220 million years ago, glowing hot molten rock masses intruded into fractures in the earth's crust in the outer parts of Hordaland. Some of these are believed to have reached the surface and formed lava flows, which since have been eroded away by wind and weather. But, most of these flows solidified into diabase sills before they got to the surface.

The best preserved of these is found in Espevik on Tysnes. When these dramatic events unfolded, what is now the earth's surface lay several kilometres underground. Today, we see the remains of the magma that filled the cracks in the earth's crust. The magma followed the many steep faults along the coast, faults that created valleys, straits and fjords trending in a north-northwesterly direction. This fracture system must have stretched quite far down, to great depths. The magma came from over 50 kilometres depth (the mantle) and has intruded right through the crust on its way to the surface. The magma that was left in the fractures can be found as diabase sills, that is, fine-grained alkaline magmatic intrusions.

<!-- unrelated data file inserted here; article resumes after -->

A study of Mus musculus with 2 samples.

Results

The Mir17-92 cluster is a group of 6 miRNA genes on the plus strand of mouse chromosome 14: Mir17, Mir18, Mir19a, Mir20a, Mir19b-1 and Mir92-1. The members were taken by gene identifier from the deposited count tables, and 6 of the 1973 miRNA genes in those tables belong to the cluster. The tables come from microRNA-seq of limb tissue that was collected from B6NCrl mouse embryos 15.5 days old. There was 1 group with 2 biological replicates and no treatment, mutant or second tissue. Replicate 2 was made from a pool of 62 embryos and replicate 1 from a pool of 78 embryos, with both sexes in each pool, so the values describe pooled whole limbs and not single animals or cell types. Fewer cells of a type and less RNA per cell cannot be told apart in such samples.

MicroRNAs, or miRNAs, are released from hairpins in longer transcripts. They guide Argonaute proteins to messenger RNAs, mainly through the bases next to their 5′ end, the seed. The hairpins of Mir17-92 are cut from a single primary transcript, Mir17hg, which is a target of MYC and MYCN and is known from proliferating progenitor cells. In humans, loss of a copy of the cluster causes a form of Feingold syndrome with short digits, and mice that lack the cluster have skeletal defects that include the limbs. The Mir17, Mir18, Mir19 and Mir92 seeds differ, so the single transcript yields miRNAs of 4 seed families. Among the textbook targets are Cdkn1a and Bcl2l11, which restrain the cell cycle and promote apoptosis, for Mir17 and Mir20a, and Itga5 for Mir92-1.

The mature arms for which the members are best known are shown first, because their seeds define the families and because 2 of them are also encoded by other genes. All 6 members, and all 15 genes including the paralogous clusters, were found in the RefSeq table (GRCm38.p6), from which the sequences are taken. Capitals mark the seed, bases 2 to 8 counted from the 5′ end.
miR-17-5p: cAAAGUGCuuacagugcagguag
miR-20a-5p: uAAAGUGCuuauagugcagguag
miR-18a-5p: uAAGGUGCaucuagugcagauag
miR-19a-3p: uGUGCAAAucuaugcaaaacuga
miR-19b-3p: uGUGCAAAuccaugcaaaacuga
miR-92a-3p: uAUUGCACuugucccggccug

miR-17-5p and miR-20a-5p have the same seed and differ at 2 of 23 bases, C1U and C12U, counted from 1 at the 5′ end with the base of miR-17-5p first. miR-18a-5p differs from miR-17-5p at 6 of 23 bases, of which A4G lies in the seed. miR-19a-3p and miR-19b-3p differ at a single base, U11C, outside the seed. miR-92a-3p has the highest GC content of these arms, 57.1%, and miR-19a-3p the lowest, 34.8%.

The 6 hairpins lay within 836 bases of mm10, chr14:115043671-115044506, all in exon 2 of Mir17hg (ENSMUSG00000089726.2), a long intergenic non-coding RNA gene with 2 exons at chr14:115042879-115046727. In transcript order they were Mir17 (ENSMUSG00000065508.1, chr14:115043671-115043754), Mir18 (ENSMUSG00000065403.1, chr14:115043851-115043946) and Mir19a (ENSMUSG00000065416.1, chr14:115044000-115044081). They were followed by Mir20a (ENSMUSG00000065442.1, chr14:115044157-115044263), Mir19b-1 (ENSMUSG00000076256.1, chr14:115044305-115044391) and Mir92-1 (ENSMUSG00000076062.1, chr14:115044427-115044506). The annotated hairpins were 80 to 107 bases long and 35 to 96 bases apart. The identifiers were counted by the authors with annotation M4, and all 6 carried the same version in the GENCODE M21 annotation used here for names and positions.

One finds nearly a hundred such sills, from Sund in the north to Sveio in the south. At the head of the bay in Espevik one can see many of these dark sills. Here, they have also been dated. By studying the isotopes in the element argon, it has been discovered that they are about 220 million years old (from the Triassic Period). In other places (i.e. on Sotra), the dating reveals intrusions also in Permian times, about 250 million years ago. This is quite far back in time, but the sills are nonetheless the youngest rocktypes on dry land in Hordaland. Only in the undersea Bjorøy tunnel is the bedrock younger.


The sills are magma that has solidified on its way up through the fractures in the earth's crust from a deeper source of molten rock. A sill is usually about one metre wide or smaller, but can penetrate inwards into the mountainside and downward underground. If the magma reaches the surface, it is called lava.

  • Members of the "Oyster Company of Norway", 1886

Members of the "Oyster Company of Norway" on inspection to the Espevikpollen oyster dam in 1886. Among them are many distinguished people, including the later Prime Minister Gunnar Knudsen. Espevikpollen oyster dam has a long tradition of oyster-growing, and is one of the few places in Hordaland where oyster farming has continued right up until our time.